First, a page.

AUGUSTA — House Speaker Sara Gideon said a one-on-one meeting with Gov. Paul LePage Friday led to an agreement that could clear the way for the administration to build a new, 21-bed secure mental health facility next to the state’s Riverview Psychiatric Center in Augusta.

Democratic legislative leaders have blocked construction of the facility on the state property, saying they want a chance to review the plan.

Gideon, D-Freeport, said the hourlong meeting with LePage produced a tentative agreement that the administration would answer lingering questions lawmakers have about the facility, which LePage’s Department of Health and Human Services wants to be privately operated. Gideon said her next step was to share the agreement with her Democratic colleagues and Republican Senate President Mike Thibodeau.

“(Lepage and I) have agreed on a next step and I need to make sure that both President Thibodeau and the other legislative leaders are comfortable with that,” she said.

Gideon would not say exactly what process she and the governor agreed to, but said she believes lawmakers would be able to move quickly, and that the standoff between legislative Democrats and LePage would come to an end by Christmas.

LePage’s spokeswoman, Adrienne Bennett, agreed with Gideon’s characterization of the meeting, saying LePage had agreed to get answers for Democrats and that he, too, viewed the meeting as productive. However, Bennett also said the administration was not changing course in its efforts to find an alternative location for the facility outside of Augusta and at a location that doesn’t need the approval of the Legislature’s governing body, the Legislative Council.


“He is moving forward as planned,” Bennett said. “He has agreed to answer the questions that the Democrats may have along the way, but that’s not going to slow the process, because the patients are deserving of this facility in a timely manner; they’ve waited long enough.”


The proposal for a new treatment center is aimed in part at regaining federal certification for Riverview and the $20 million annual funding reimbursement that comes with it. It also is meant to free up bed space for those with violent mental illness by moving forensic patients in state custody who no longer need hospital-level care to the new, so-called “step-down” facility.

On Thursday, for the second time in two weeks, the Legislative Council split along party lines on the issue, blocking the administration’s efforts to move forward with the new unit. The facility would house people who have been found not criminally responsible for crimes by a court because of a mental illness, but who are too dangerous to return to the community. Under state law, the Legislative Council must approve any new construction on state property in the Capitol Area of Augusta, which includes the State House grounds and the campus at Riverview on the east side of the Kennebec River.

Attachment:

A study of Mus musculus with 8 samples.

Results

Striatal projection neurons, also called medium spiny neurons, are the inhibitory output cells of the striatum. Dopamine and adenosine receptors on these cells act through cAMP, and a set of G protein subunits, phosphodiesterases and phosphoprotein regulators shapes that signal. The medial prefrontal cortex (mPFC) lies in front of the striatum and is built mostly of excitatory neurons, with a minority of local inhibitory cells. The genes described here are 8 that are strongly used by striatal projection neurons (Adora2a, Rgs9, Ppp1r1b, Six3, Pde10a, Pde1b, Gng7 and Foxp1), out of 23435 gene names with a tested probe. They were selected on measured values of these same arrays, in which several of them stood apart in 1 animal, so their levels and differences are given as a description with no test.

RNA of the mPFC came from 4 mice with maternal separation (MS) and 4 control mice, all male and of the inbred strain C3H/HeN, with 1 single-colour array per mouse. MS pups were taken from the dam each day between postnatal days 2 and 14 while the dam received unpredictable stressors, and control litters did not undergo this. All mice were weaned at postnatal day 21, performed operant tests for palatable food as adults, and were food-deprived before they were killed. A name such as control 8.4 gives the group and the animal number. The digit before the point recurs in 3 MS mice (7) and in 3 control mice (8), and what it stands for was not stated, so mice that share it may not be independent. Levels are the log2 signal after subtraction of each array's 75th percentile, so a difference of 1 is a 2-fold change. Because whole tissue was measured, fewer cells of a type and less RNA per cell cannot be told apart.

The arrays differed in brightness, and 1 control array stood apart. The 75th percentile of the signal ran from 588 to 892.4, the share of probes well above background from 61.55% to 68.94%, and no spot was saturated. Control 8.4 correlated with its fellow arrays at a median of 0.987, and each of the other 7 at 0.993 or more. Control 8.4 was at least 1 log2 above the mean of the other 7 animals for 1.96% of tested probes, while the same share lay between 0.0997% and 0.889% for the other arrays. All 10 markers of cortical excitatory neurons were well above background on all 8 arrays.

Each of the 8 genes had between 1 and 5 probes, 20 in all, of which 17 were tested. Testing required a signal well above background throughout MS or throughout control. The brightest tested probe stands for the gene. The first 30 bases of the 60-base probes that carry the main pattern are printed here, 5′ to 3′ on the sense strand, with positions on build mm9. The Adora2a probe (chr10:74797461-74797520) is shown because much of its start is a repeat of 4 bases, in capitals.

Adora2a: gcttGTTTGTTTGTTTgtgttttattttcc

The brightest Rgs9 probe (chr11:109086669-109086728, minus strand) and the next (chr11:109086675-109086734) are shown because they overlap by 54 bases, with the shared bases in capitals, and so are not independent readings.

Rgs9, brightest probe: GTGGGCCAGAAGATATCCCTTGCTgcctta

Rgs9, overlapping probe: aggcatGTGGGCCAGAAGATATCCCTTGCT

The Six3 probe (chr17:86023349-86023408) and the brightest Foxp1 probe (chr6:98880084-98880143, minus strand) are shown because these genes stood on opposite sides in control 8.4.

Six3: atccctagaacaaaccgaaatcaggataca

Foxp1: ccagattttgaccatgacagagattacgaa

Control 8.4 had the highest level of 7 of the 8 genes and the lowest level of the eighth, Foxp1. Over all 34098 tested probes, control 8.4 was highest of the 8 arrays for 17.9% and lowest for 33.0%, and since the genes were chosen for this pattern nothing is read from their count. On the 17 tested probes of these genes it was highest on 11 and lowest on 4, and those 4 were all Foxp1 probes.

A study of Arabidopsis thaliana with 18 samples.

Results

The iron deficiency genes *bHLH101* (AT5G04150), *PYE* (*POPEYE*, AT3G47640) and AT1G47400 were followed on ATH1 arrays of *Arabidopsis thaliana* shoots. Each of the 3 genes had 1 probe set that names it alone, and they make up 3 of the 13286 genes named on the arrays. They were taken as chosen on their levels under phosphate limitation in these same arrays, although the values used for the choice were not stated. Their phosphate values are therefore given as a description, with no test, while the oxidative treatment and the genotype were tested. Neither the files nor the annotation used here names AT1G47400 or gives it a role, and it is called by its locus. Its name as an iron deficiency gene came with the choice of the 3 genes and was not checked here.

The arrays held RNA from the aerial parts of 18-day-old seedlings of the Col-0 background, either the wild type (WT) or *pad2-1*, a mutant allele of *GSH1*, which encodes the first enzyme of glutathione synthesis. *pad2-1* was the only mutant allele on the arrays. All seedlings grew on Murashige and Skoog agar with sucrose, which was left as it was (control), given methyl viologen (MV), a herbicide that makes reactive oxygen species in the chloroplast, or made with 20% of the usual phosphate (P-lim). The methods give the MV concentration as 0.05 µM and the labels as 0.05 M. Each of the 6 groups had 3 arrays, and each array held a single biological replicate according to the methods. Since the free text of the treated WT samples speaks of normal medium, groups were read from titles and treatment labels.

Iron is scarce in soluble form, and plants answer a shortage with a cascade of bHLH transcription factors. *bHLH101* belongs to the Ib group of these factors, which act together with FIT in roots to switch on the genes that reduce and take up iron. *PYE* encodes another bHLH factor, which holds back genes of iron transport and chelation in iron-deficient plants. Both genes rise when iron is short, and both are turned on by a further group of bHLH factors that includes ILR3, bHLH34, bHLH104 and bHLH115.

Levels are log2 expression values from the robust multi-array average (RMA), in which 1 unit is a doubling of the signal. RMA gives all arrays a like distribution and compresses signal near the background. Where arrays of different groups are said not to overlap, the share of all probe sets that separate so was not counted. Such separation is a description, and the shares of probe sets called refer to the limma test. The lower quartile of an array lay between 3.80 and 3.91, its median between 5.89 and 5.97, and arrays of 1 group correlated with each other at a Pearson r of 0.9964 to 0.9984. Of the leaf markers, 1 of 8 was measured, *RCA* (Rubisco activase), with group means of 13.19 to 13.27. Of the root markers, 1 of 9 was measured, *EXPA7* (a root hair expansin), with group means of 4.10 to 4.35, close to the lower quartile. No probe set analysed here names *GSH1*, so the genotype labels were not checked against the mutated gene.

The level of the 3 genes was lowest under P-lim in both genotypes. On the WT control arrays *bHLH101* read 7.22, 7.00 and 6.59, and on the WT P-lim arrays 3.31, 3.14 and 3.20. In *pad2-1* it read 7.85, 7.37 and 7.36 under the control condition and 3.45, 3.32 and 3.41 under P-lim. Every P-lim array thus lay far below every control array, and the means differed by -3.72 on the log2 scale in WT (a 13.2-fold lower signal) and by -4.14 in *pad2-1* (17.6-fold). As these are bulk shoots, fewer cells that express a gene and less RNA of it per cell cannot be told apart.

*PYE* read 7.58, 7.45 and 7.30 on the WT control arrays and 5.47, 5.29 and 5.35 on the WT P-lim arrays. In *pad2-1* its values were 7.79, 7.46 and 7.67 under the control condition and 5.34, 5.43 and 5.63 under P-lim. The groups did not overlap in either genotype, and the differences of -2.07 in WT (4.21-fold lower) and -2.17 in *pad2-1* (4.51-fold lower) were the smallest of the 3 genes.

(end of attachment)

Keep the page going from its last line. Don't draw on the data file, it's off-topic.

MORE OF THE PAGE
DHHS officials have said they have the funds to build and operate the new facility, which has a tentative price tag of about $3.5 million.

House Republicans, who have supported LePage by voting for the new facility, said Friday they want a swift resolution.


“The governor’s interest in a new facility is, first and foremost, getting it done quickly, not about who gets credit,” House Minority Leader Ken Fredette, R-Newport, said in a statement. “The issue is about location and House Republicans will continue to push for action sooner rather than later.”

Gideon, who was chosen as House speaker on Wednesday, has long maintained that Democrats recognize the state is in a crisis situation and they, too, agree a new facility in Augusta is needed.

“Number one, this facility does need to be built; there are a variety of reasons why it has to happen,” Gideon said. “Number two, Augusta, next to Riverview, is really the logical best place for it. And, number three, it would both protect the safety of the public and the population at this facility.”

She said lawmakers still have concerns about how the facility will be operated, who will be housed there and how it will be paid for, as well as ensuring patients’ rights are protected.


Sen. Roger Katz, R-Augusta, said during a radio interview on WZON, AM 620, on Friday that he, too, believes the Legislature should have some oversight and be involved in the process of developing a new mental health facility.


“We just got to be smart about it,” he said. “The governor has proposed a new facility on the Riverview campus. … It is perfectly appropriate, but there are numerous questions” such as how the additional treatment capacity will be used and about the proposal that it be privately run.

“That (privatization) is a huge, huge decision,” he said. “It may well be a good one, but this is a decision that the Legislature ought to weigh in on.”

The federal agency that oversees Riverview’s funding revoked the hospital’s certification in 2013 after regulators found many problems during an audit, including the use of stun guns, pepper spray and handcuffs on patients, improper record-keeping, medication errors and failure to report progress made by patients. That agency, the Center for Medicaid Services, also determined that Riverview was improperly commingling patients who needed intense hospital treatment with those who no longer required hospitalization.

Lawmakers have been wrangling over how to fix Riverview and expand the state’s capacity to treat the mentally ill for at least four years. They have also tried to tackle staffing and morale issues at the hospital, where health care workers have been attacked and injured by patients, by increasing salaries there.

Staffing issues have persisted and in 2015 lawmakers learned that more than 50 of the hospital’s 364 positions remained vacant, and 47 of those vacancies were for nurses.